46cm x 46cm Acrylic on Canvas

SKU: 2425-18

$350.00


Artwork is accompanied by Warlukurlangu Artists (Yuendumu) Art Centre Certificate of Authenticity/Provenance

Madeleine is a Warlpiri artist who paints for Warlukurlangu Art Centre in the Northern Territory.

Warlukurlangu Artists Aboriginal Corporation of Yuendumu was incorporated in 1986. Warlukurlangu is a not for profit organisation that has more than 600 members, all of whom are Indigenous artists. It is directed by an executive committee of eight men and eight women representing all the ‘skin groups’. It meets regularly to set policy, make decisions about the organisation and direct staff.

Established in 1985 Warlukurlangu Artists Aboriginal Corporation is a not-for-profit organisation that is 100% Aboriginal-owned by its artists from the remote desert communities of Yuendumu and Nyirripi in Central Australia.

Warlukurlangu Artists is famous for its gloriously colourful acrylic paintings and limited edition prints. The art centre has a national and international profile and its art has been featured in hundreds of exhibitions and publications in Australia and around the world.

Warlukurlangu means ‘belonging to fire’ in the local language, Warlpiri, and is named for a fire dreaming site west of Yuendumu.

 

 

This ‘karntakurlangu Jukurrpa’ (women’s Dreaming) comes from Mina Mina, a very important women’s Dreaming site far to the west of Yuendumu near Lake Mackay and the WA border. The ‘kirda’ (owners) of this Dreaming are Napangardi/Napanangka women and Japangardi/Japanangka men; the area is sacred to Napangardi and Napanangka women. There are a number of ‘mulju’ (water soakages) and a ‘maluri’ (clay pan) at Mina Mina.

In the Dreamtime, ancestral women danced at Mina Mina and ‘karlangu’ (digging sticks) rose up out of the ground. As the women danced, they created a large dust cloud that swept up a number of ‘warna’ (snakes) that had been watching the women dance. This dust cloud blew the snakes away to Yaturluyaturlu, a site near the Granites. The name for this group of snakes was ‘walyankarna.’ Previously, the snakes were ‘ngarlkirdi’ (witchetty grubs); they transformed themselves from witchetty grubs into snakes at Kunajarrayi (Mt. Nicker), 200km southwest of Yuendumu. In this way, the ‘karnta Jukurrpa’ (women’s Dreaming) and ‘ngarlkirdi Jukurrpa’ (witchetty grub Dreaming) intersect. Travelling along with the witchetty grub Dreaming allowed the ancestral women to observe the witchetty grubs and learn how to best locate and cook them, skills that Warlpiri women still use today.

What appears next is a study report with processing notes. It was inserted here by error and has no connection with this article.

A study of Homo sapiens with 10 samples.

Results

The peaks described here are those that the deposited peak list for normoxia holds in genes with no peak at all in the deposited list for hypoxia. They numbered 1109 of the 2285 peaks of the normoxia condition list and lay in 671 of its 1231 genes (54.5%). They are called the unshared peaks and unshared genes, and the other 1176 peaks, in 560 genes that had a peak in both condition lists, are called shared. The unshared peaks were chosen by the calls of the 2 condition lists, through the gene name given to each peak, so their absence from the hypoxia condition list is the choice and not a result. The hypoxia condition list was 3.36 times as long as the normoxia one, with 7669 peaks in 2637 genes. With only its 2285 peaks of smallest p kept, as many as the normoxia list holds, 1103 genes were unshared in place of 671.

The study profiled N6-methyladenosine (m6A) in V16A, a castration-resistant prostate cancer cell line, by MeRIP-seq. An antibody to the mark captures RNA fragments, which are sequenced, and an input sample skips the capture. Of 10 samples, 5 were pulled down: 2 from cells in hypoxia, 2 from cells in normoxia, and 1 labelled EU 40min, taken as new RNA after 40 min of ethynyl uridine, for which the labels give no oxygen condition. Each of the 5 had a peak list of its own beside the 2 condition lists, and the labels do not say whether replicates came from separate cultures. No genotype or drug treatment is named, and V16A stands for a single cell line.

After dancing at Mina Mina, the women collected the ‘karlangu’ (digging sticks) that emerged from the ground and travelled on to the east, dancing, digging for bush tucker, collecting ‘ngalyipi’ (snake vine [Tinospora smilacina]), and creating many places as they went. ‘Ngalyipi’ is a rope-like creeper used as a ceremonial wrap and as a strap to carry ‘parraja’ (coolamons) and ‘ngami’ (water carriers). ‘Ngalyipi’ is also used to tie around the forehead to cure headaches, and to bind cuts.

The women stopped at Karntakurlangu, an area near Mina Mina that literally means ‘belonging to women,’ to dig for ‘jintiparnta’ (desert truffle [Elderia arenivaga]). ‘Jintiparnta’ appears in the sandhills after the winter rains. The growing fungus forces the earth above it to crack, exposing it. Women collect it, squeezing out the juice before cooking it in hot ashes. After stopping at Karntakurlangu, the women also stopped at Janyinki, Parapurnta, Kimayi, and Munyuparntiparnti, sites spanning from the west to the east of Yuendumu. This Dreaming track eventually took them far beyond Warlpiri country. The track passed through Coniston in Anmatyerre country to the east, and then went on to Alcoota and Aileron far to the northeast of Yuendumu and eventually on into Queensland.